Clarified butter is a multi-purpose and flavorful ingredient that has become increasingly popular in the baking world. With its one-of-a-kind characteristics and advantages, clarified butter can improve not only the texture and flavor of baked goods, but its shelf life as well. If you’re looking for a tasty butter alternative for baking or simply want to develop your skills in the kitchen, clarified butter is a great ingredient to experiment with. Continue reading to learn about how clarified butter can impact your treats and how to use it in your recipes.
What is Clarified Butter?
Clarified butter sounds more complex than it is; it’s butter that has been cooked to remove the water and milk solids from the fat. The process of clarifying butter is simple and begins by melting the butter in a saucepan over low heat. As the butter melts and the water content evaporates, it will begin to foam. Then, clumps of white milk solids will form and start to sink to the bottom of the pan, says the writers of MasterClass. At that point, you strain the butter through a sieve into a heatproof storage container and let it cool for later use. The result is a clear, golden liquid of pure butterfat with a rich, buttery flavor.
Advantages of Clarified Butter
There are several advantages of using clarified butter over regular butter in baking. First of all, clarified butter has a higher smoke point than regular butter, which makes it ideal for baking at higher temperatures. This is because the milk solids and water content have been removed, making it less likely to burn. The removal of these components also makes clarified butter more stable, so it’s less likely to separate or go rancid. Additionally, clarified butter has a silkier, richer flavor than regular butter, which can enhance the flavors of other ingredients in your recipe.
Here are a few more advantages of using clarified butter:
- It’s lactose-free and casein-free, making it a good choice for people with dairy allergies or sensitivities.
- Clarified butter can be stored at room temperature for up to 3 months if made properly, meaning it has a might longer shelf life than regular butter. (Alternatively, refrigerate for up to one year.)
How it Affects Texture and Moisture
When you use clarified butter in baking, just like oil, the absence of water can help to create a more tender and moist crumb (Bob’s Red Mill). However, since clarified butter is pretty much all fat, you can’t fully swap one for the other without expecting to get slightly different results. If you’re not careful, you could end up with a dessert that’s much greasier than intended. Baking with clarified butter can also yield a more flaky and crispy exterior. Some examples of baked goods that can benefit from the inclusion of clarified butter include pie crusts, shortbread cookies, and croissants.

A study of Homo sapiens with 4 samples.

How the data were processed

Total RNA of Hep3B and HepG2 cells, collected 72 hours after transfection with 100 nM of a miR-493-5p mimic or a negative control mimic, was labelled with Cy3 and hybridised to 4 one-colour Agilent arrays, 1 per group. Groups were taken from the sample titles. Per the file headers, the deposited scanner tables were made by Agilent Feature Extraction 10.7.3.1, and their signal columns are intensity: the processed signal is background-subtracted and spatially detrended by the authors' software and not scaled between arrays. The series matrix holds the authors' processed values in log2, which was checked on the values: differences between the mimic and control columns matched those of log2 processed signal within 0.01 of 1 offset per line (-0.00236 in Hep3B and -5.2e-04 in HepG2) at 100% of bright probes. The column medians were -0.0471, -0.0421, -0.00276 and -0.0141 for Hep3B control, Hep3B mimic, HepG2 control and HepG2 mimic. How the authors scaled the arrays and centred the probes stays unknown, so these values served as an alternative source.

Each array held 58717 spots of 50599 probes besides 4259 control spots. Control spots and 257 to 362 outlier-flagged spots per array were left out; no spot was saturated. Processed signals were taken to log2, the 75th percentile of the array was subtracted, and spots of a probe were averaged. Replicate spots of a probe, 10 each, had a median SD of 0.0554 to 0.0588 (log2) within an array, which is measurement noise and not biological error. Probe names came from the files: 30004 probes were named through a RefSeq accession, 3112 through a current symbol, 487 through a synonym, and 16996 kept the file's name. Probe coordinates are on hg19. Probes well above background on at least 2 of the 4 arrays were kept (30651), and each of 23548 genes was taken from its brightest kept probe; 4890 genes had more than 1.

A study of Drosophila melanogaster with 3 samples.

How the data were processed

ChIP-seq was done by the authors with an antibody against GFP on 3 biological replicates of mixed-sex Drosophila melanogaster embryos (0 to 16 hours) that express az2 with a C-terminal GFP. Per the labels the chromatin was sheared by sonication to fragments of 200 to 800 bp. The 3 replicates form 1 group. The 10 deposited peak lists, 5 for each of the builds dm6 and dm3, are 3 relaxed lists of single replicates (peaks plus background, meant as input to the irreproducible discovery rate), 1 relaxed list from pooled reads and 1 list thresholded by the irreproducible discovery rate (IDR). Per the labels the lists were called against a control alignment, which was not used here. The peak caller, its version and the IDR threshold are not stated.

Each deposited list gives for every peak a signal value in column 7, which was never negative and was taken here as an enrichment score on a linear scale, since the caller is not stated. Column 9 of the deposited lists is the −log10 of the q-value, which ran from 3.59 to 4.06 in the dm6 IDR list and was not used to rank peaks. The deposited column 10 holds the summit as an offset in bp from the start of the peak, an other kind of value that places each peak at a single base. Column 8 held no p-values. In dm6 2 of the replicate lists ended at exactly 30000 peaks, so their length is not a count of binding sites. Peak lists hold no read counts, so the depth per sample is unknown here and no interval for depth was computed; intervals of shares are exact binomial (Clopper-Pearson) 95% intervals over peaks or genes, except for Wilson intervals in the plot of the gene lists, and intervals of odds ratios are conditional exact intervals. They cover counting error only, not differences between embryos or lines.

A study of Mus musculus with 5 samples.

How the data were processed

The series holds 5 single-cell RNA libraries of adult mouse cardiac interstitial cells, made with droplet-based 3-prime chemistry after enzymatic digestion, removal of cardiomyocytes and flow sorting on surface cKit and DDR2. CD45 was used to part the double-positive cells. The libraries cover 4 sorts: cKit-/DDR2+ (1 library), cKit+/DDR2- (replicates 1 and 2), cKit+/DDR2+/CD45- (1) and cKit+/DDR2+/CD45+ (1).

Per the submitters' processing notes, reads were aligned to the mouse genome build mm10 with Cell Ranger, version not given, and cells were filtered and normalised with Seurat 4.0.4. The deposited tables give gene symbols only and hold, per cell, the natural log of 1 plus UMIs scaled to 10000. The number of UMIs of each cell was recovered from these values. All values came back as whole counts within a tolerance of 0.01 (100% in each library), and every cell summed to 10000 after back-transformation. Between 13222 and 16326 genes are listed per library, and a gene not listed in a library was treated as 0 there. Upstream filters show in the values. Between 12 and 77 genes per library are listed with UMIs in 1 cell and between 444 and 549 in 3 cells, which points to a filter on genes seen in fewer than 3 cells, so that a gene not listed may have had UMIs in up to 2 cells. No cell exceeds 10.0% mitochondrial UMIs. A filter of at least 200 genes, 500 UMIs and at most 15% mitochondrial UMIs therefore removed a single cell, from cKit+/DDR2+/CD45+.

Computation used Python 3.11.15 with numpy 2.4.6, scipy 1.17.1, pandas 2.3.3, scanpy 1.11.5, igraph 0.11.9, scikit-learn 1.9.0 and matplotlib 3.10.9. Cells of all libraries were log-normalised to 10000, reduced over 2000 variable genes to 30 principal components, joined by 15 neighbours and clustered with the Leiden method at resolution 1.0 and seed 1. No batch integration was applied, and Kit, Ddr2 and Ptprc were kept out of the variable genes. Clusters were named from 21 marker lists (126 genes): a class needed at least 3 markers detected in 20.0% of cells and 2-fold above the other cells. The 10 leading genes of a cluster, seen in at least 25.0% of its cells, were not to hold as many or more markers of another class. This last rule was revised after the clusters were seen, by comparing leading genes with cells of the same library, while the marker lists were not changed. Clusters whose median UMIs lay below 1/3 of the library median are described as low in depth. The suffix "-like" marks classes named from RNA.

How it Affects Browning and Flavor
Because clarified butter has no milk solids, your baked goods won’t brown as easily or quickly as those made with regular butter. This can be particularly helpful when wanting to achieve a light, golden crust on your baked goods. Additionally, as mentioned above, clarified butter has a richer, more intense (and sometimes nutty) flavor than regular butter, which can add depth and complexity to your baked goods. This is especially noticeable in pastries like croissants and puff pastries, which are already rich and buttery.
Substituting Clarified Butter in Recipes
Clarified butter is a good substitute for regular butter and can often be used in a 1:1 ratio. With that being said, you’ll have to keep a few things in mind. When using clarified butter, you have to consider the fact that it’s much higher in fat than regular butter, which means you might want to use a little less, or play around with the amount of other liquid you add. Additionally, the cooking time and temperature in recipes may need to be adjusted to account for the fact that clarified butter has a higher smoke point than regular butter.
Another thing to take into consideration is the fact that clarified butter does not cream nearly as well as regular butter. This means that it’s a better substitute in recipes that don’t call for creaming together butter and sugar, and rather those with melted butter or oil.
Tips for Clarifying Butter at Home
Clarifying butter at home is a super simple process that anyone can do. Although we’ve already touched on some, here is a list of tips for successfully clarifying butter at home:
- Use unsalted butter, as it has a lower water content than salted butter (Bob’s Red Mill).
- Melt the butter in a heavy-bottomed saucepan over low heat so it’s less likely to brown or burn.
- Do not stir the butter while it is melting. Stirring can prevent the milk solids from properly separating.
- Skim off the foam that rises to the surface.
- Slowly pour off the clear yellow liquid, leaving behind the residue of milk solids that have settled to the bottom of the pan.
- Strain the butter through a fine-mesh sieve or cheesecloth to remove any remaining milk solids.
- Store the clarified butter in an airtight container in the refrigerator for the longest shelf life (MasterClass).
Use these tips and tricks the next time you want to experiment with clarified butter, and don’t be afraid to add it to your favorite recipes. By understanding the science behind clarified butter and following a few simple guidelines mentioned above, you should easily (and successfully) be able to incorporate it into your own baking.